Whether measuring more time in the day or years in life, more time translates to more happiness. 

Work-life imbalance? Try these mindset shifts
[kieferpix/Adobe Stock Card]


If everyone’s after the seemingly elusive goal of work-life balance, why is it so darned hard to achieve? Perhaps it’s time to take a new approach to this old problem.

THINK DIFFERENT

Most people take a “more or less” approach to work-life balance: more of this, less of that. And most people are disappointed by the results. Instead, adjust how you think about the relationship between work and life.


1. Integrate and appreciate the whole.

2. Change your default setting.


4. Value time over money.

INTEGRATE AND APPRECIATE THE WHOLE

The first mindset shift toward work-life integration is appreciating the totality of what you have, rather than dwelling on what you don’t have.


CHANGE YOUR DEFAULT SETTING

The second mindset shift is to recognize the juice doesn’t justify the squeeze, so you need to change the default setting.

We habitually operate on an invisible default setting that governs our career and life arcs and that is established in our formative years. Higher education prepares us for prosperous jobs. Then we work feverishly and intensively in ultra-marathon careers in the hope we can exit some 40 years later if we’re lucky. Then we’ll be free to do what we wish we could’ve done all along.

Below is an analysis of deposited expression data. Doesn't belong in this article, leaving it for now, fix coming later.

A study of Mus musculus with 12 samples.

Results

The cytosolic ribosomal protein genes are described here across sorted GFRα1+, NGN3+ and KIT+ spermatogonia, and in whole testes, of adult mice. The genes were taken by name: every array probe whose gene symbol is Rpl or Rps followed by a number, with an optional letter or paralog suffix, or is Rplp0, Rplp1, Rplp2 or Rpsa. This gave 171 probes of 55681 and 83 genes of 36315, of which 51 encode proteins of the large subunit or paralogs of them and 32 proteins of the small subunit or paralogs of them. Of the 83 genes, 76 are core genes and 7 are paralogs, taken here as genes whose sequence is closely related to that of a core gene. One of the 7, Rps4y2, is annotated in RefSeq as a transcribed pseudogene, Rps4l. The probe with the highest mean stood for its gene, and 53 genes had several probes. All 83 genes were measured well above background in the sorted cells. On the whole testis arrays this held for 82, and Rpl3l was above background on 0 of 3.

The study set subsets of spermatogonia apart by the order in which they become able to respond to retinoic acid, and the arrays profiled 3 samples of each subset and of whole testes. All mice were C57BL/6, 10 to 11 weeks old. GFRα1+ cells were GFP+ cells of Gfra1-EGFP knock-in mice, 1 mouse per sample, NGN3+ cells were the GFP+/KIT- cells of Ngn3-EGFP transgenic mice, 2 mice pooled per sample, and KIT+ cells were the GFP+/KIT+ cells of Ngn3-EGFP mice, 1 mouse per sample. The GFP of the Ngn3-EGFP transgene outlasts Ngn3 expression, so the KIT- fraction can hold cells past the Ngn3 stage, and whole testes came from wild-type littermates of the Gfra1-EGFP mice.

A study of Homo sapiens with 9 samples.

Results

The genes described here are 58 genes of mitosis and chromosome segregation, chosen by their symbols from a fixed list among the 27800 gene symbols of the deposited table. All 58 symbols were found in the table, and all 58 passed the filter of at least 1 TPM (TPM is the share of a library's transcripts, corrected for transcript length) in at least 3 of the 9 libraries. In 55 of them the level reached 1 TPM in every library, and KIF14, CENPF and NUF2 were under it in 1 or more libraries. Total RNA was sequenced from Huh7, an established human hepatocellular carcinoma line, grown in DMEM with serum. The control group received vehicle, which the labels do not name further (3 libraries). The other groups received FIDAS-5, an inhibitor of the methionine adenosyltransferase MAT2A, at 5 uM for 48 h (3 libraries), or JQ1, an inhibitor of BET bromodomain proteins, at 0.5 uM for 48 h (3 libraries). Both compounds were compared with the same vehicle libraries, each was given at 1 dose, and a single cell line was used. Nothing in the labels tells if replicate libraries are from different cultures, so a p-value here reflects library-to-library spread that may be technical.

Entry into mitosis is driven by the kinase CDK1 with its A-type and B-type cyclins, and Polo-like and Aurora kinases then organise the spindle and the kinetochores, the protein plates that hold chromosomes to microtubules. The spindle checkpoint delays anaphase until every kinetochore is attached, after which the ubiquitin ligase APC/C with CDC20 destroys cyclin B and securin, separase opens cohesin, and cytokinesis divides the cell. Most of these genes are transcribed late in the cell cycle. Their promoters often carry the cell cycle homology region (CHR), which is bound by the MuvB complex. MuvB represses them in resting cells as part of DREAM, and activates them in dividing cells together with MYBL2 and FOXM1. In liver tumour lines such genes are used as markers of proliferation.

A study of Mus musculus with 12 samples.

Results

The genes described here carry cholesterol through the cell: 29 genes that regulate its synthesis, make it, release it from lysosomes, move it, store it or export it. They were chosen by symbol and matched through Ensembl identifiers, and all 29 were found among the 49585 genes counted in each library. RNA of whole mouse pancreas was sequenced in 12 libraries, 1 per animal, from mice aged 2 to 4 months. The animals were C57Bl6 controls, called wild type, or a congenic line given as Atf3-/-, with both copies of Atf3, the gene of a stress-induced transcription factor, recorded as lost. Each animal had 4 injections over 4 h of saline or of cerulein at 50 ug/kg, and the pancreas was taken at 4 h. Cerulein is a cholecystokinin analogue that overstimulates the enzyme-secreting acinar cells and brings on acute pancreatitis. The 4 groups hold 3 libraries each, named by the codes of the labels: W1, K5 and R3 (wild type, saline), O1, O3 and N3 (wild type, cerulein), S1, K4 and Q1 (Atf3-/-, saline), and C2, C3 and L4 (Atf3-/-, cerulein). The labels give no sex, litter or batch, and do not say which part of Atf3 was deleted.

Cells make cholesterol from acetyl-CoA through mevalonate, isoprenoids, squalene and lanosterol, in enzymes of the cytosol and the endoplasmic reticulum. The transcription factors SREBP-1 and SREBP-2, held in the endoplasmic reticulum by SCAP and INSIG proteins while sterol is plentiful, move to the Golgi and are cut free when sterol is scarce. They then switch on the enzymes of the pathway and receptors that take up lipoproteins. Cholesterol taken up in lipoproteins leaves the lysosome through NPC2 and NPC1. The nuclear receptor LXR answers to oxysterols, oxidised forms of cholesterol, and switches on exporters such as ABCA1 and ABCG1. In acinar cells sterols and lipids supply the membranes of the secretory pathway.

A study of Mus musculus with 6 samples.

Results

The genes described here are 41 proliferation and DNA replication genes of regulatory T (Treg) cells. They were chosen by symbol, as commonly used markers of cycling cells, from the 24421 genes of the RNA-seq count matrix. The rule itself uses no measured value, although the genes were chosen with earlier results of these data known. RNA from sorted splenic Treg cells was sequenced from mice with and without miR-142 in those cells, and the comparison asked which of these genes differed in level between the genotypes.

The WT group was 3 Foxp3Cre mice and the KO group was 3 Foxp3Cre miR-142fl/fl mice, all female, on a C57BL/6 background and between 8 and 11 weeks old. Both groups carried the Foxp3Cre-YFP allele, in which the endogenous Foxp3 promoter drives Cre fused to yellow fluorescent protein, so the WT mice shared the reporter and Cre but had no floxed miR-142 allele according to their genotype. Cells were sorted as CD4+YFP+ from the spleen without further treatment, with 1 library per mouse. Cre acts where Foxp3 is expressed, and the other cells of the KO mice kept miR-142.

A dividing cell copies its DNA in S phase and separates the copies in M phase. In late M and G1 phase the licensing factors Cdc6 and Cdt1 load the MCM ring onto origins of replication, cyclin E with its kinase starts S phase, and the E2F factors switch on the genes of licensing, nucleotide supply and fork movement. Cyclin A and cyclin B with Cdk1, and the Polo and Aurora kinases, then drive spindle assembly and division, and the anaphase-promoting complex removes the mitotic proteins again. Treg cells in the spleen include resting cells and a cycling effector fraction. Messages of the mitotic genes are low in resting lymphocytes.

RECOGNIZE THAT FINANCIAL SECURITY IS FOUNDATIONAL

We often think of creating financial security as the end goal, the ultimate prize for enduring a long and possibly punishing career ultra marathon. This third mindset shift recognizes that financial security isn’t the destination; it’s the starting point.

When we think we have all the time in the world, we usually take all the time in the world. For many professionals, that typically means taking 40 or so years to achieve some degree of financial security. Why take so long?


By recognizing the importance of accelerating financial security, you will likely make vastly different saving and spending decisions today, which puts you on a positive financial trajectory.

VALUE TIME OVER MONEY

The final mindset shift is to flip the time-money equation. Society has a cultural fixation on money, which tends to grab all the attention and suck all the oxygen. But after studying the habits of super successful people all over the world, from billionaires to world-record holders, here’s a million-dollar insight: An enriched life is not about the money.


Valuing time means spending it deliberately, intentionally, purposefully. But here’s the rub: If we really value time, are we satisfied with the career, financial, and life choices we are making today?

CAPTURE THE HOLY GRAIL

It’s time to think differently about work and life. With these four mindset shifts, you’ll be well on your way to seizing that holy grail of work-life balance and professional and personal satisfaction.